Capitol reporter Mary Wilson covers Pennsylvania politics and issues at the Pennsylvania state capitol.
A Republican lawmaker who has long studied the state's public pension debt is getting ready to introduce an alternative plan to addressing it.
The proposal is a departure from those offered by Governor Corbett and other Republicans in the state Legislature.
Instead of mandating changes to reduce current state and school employees' pension benefits, Rep. Glen Grell (R-Cumberland) is proposing that the changes be optional, so as to ward off court challenges.
It relies heavily on borrowing to bring down pension payments scheduled to eat away at state and school district budgets. Such a move is viewed with skepticism by the Corbett administration. Grell said it shows the state is willing to make up for years of paying less into the public pension funds.
"I can't go with a straight face to any current employee who's been paying seven-and-a-half percent or six-and-a-quarter percent into this fund and say, 'we need you to make a concession' unless I'm able to deliver on the making up for that ten years of underfunding," Grell said. "So I think I would get zero percent take up on current member changes if we didn't have the borrowing to help make up for that past underfunding."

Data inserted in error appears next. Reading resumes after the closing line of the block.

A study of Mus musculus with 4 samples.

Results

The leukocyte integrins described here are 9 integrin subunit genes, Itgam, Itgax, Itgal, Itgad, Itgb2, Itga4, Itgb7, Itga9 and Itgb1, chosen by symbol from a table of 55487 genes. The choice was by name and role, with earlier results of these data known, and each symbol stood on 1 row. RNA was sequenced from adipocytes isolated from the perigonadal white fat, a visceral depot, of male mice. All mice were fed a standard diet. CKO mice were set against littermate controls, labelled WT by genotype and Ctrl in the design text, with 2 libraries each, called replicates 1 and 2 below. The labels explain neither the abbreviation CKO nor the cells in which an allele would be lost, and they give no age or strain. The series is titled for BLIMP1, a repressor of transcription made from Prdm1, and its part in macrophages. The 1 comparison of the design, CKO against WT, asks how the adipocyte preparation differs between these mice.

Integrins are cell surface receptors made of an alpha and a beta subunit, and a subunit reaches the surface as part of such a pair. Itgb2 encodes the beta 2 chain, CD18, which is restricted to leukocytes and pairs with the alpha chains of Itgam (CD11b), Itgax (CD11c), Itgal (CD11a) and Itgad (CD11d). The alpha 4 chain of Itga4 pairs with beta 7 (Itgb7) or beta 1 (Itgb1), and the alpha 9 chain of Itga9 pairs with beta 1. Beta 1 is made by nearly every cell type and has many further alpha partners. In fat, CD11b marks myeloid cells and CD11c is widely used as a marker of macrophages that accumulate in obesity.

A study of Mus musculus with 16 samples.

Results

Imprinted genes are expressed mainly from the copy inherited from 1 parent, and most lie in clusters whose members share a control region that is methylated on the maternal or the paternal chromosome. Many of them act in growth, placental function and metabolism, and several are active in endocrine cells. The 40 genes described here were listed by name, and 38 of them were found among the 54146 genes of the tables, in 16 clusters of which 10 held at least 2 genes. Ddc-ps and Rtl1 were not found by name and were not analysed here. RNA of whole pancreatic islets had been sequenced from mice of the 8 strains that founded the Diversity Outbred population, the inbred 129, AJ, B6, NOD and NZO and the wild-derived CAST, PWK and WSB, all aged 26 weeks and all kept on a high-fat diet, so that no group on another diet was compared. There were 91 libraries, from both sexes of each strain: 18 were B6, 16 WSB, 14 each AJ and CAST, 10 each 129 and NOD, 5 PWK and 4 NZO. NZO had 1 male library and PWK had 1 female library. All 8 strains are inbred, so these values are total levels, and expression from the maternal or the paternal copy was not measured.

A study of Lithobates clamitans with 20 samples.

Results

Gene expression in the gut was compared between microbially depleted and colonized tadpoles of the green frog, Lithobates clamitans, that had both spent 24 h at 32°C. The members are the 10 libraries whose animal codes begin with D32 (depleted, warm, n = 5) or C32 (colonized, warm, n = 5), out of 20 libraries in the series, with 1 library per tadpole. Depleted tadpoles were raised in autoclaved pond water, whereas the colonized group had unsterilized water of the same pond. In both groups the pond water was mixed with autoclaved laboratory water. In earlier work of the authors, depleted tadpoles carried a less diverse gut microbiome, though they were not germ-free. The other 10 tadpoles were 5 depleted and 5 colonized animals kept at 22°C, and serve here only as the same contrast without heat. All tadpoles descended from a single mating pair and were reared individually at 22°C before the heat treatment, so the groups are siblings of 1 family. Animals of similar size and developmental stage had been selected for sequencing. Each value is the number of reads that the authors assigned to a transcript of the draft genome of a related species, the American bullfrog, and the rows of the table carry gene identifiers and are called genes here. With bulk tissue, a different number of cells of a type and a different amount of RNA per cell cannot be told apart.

Grell said that, in the best-case scenario, his plan could address $37 billion of what he said is estimated to be a $45 billion pension debt.
"Admittedly, not every current employee is going to sign up for these changes," Grell said. "This is showing you what can be accomplished if all of the pieces fall together. If all the pieces don't fall together, the savings are going to be less."
Grell's proposal would also enroll future employees into a hybrid of the traditional pension plan and the 401(k)-style plan. He said such an approach eliminates large transition costs of switching to an all 401(k)-style system.
No one joined Grell on stage to show support for his proposal, a move the lawmaker explained was due to the fact that he had only just sent a co-sponsorship memo out to colleagues, and would not formally introduce the bill for a week or so.
"I believe our preliminary numbers here show this problem can be solved in a reasonable way," he said.